Sexy Time: Talking Sex with Sue


As I’m sure I’ve mentioned before, I used to spend nights watching Talk Sex (which was called The Sunday Night Sex Show here in Canada) on the TV in my room with the headphones plugged in. I learned so much from watching this awesome old lady talk frankly and honestly about sex that I often found myself correcting my health teachers on the intricacies of sex ed.

For those of you who don’t know much about her, I highly recommend visiting her site or YouTubing some of her videos. From the “parental advisory” page on her website:

It is our belief that all human beings have a right to honest answers about their reproductive systems, the same way that they have access to information about respiratory systems or any anatomical function. As far as we’re concerned, the more information that one has, the better one is equipped to protect oneself from physical and emotional harm.

She is obviously a woman who has my heart.

During her stop at Sheridan, she covered a variety of topics, focusing mostly on the basic ins-and-outs of sex education — the things they didn’t teach us in school. And here are three things I took away from my evening with Sue:

Nice girls DO do that.
According to Sue, five minutes after a baby boy is born, he discovers he has a penis. Five minutes later, he finds out it feels good to touch it. Little girls, on the other hand, don’t have the advantage of being able to see their genitals just by looking down, and for many young women, the first time they explore their vulvas is during their first attempt at using a tampon.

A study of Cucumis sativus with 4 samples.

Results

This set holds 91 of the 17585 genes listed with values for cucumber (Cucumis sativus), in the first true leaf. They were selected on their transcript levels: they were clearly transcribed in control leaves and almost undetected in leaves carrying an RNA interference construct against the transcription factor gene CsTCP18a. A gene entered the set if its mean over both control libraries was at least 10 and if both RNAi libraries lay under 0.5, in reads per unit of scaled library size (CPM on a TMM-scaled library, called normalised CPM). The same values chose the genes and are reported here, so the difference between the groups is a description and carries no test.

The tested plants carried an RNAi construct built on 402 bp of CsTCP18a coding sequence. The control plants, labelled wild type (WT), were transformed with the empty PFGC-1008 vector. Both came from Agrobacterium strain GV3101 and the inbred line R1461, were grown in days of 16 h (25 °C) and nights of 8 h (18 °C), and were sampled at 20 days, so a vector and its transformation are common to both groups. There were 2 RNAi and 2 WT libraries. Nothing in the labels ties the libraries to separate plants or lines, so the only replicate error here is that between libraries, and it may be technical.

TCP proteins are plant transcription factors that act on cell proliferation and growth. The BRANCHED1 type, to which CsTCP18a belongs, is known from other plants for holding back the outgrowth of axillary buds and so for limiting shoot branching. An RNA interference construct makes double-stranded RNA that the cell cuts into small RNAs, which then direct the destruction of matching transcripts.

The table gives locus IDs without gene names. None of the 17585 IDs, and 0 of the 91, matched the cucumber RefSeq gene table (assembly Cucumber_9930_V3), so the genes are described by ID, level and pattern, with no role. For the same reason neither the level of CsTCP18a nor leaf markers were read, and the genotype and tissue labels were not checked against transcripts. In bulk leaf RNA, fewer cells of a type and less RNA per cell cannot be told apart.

We’re told our genitals are gross; from being told that “nice girls don’t do that” to seeing commercials about feminine hygiene products, it’s not the easiest thing for girls to love their bodies. After all, how many of us got the chance to see a full-frontal picture of female genitalia in sex-ed? Or learned about female orgasms? Many of us aren’t even taught the language to use when describing our own genitals (pro tip: the outside is called the “vulva,” the vagina is only the “tunnel.”) It’s all very mysterious, but that doesn’t mean female masturbation or exploration doesn’t (or shouldn’t) happen — just take a look at the popularity of sex toys.

Anal sex is scary.
During the question and answer period, there were a lot of questions about “bum sex,” as Sue called it, and according to the expert, it’s some seriously risky behavior. During her days as a sex educator, Sue got a visit from a girl who was having a bit of a problem — some “weird bumps on her bum hole.” If that’s not bad enough, Sue went on to describe those “weird bumps” as a cauliflower-like growth of genital warts that were so bad, they had to be surgically removed.

Moral of the story: don’t even think about having unprotected anal sex. Yikes.

Everyone should know how to put a condom on with their mouth.
The trick, Sue explained, was taught to her by prostitutes on the streets of Toronto as a way of sneakily putting a condom on their customer without him knowing. While it might not be a trick one needs to know for the same reasons, it’s still a good trick to have up your sleeve. Sadly, she didn’t want us taking pictures or videos of her demonstration on Tuesday, BUT, thank God for YouTube. You’re welcome.